Destination inspectors may return to seaports
The defunct Destination Inspection Agencies, DIAs, at the port are currently seeking to take over maintenance and provision of scanning services at the port, two years after their contracts expired and functions transferred to the Nigeria Customs Service, NCS.
This is coming against the backdrop of increasing concerns over the poor state of the scanning machines at the nation’s seaports.
Comptroller General of Customs, Col. Hameed Ali (rtd) who dropped the hint when he visited the scanning site at the Lagos Port Complex, Apapa during his familiarization visit to the various Customs formation in Lagos said one of the former DIAs made its intentions known when its officials visited him recently.
“I met with officials of Cotecna and they told me that they want to take over the scanners and I had wanted to ask when I came here to know if they were managing the scanners well when they were in charge,” he said.
Ali who was taken through the rudiments of operations of the scanners had expressed satisfaction at the speed the scanners could examine containers but expressed concern over the poor state of the scanners which have since been grounded.
Some stakeholders have however kicked against the proposed plan by the former service providers to take over scanning operations at the ports noting that the scanners have all packed up because the service providers handed over obsolete scanners to Customs.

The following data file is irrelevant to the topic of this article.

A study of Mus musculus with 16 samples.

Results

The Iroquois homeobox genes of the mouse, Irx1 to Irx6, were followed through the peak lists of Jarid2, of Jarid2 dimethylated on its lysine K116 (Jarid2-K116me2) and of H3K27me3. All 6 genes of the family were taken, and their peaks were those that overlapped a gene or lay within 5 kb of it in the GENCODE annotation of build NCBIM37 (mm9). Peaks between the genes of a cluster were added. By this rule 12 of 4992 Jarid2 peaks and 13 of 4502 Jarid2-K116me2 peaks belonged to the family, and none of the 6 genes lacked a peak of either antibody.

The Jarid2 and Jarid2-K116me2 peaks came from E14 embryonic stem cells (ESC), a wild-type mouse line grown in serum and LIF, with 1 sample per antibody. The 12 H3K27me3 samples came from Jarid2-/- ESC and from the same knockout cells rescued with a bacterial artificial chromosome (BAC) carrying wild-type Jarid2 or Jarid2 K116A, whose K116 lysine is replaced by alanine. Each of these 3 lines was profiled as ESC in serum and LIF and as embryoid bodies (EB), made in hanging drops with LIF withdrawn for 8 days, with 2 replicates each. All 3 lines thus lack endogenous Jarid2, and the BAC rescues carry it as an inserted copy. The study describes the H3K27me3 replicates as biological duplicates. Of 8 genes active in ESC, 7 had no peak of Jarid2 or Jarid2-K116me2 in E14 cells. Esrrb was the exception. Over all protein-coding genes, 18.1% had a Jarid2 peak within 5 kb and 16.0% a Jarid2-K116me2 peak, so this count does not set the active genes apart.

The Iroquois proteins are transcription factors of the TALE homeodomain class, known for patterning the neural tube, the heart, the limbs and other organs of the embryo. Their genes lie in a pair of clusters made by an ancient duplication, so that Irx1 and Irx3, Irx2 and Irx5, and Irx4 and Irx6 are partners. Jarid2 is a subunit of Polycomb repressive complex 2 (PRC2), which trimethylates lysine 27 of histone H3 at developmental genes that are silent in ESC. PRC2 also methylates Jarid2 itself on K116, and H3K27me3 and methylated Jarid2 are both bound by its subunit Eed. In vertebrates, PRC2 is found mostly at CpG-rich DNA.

Others blamed customs officials for poor maintenance of the scanners.
President, National Association of Government Approved Freight Forwarders, NAGAFF, Eugene Nweke said that the DIAs deliberately handed over obsolete scanners to Customs.
“The whole handover process was geared towards them coming back because prior to the handing over of destination inspection to Customs, the management of NCS consulted the manufacturers of those scanners and they undertook an audit to evaluate the scanners and the report they came out with was that most of the scanners were obsolete and they are in a terrible shape when they were handed over to Customs,” he said.
Nweke advised that Customs to acquire new and sophisticated scanners with the revenue it generated from the collection of the one per cent Comprehensive Import Supervision Scheme, CISS stressing that Customs has all it takes to manage the scanners.
“Why should they come back? Can’t Nigeria manage and implement its own ICT tool? They should get away and let Customs do it. Customs has what it takes to manage the scanners. They should go and acquire new scanners and have the old ones refurbished or throw them away.
“We know how much Customs has saved Nigerians for the one per cent CISS they were collecting in the past one year. That should be enough for Customs to acquire scanners. Let us accept our own and believe we can do it better than engaging people making money from the ports,” he added.
Factional President, National Council of Managing Directors of Customs Agents, NCMDLCA, Lucky Amiwero, had in a letter he recently addressed to President Muhammadu Buhari also noted that the scanners had all collapsed.
He said that in effect, the risk assessment system of the Customs under destination inspection regime has also collapsed due to non-functioning of the scanners.
Amiwero argued that apart from the delay as a result of the lack of scanners, there was also the security risk involved.
He called on the Federal Government to investigate the Nigeria Customs Service on the state of the destination inspection scheme.
He said, “The scanners handed over to Nigeria Customs Service have all collapsed, as all process relating to scanning in the ports are now done physically, bringing us back to complete manual era with lengthy, cumbersome and costly process in the ports.”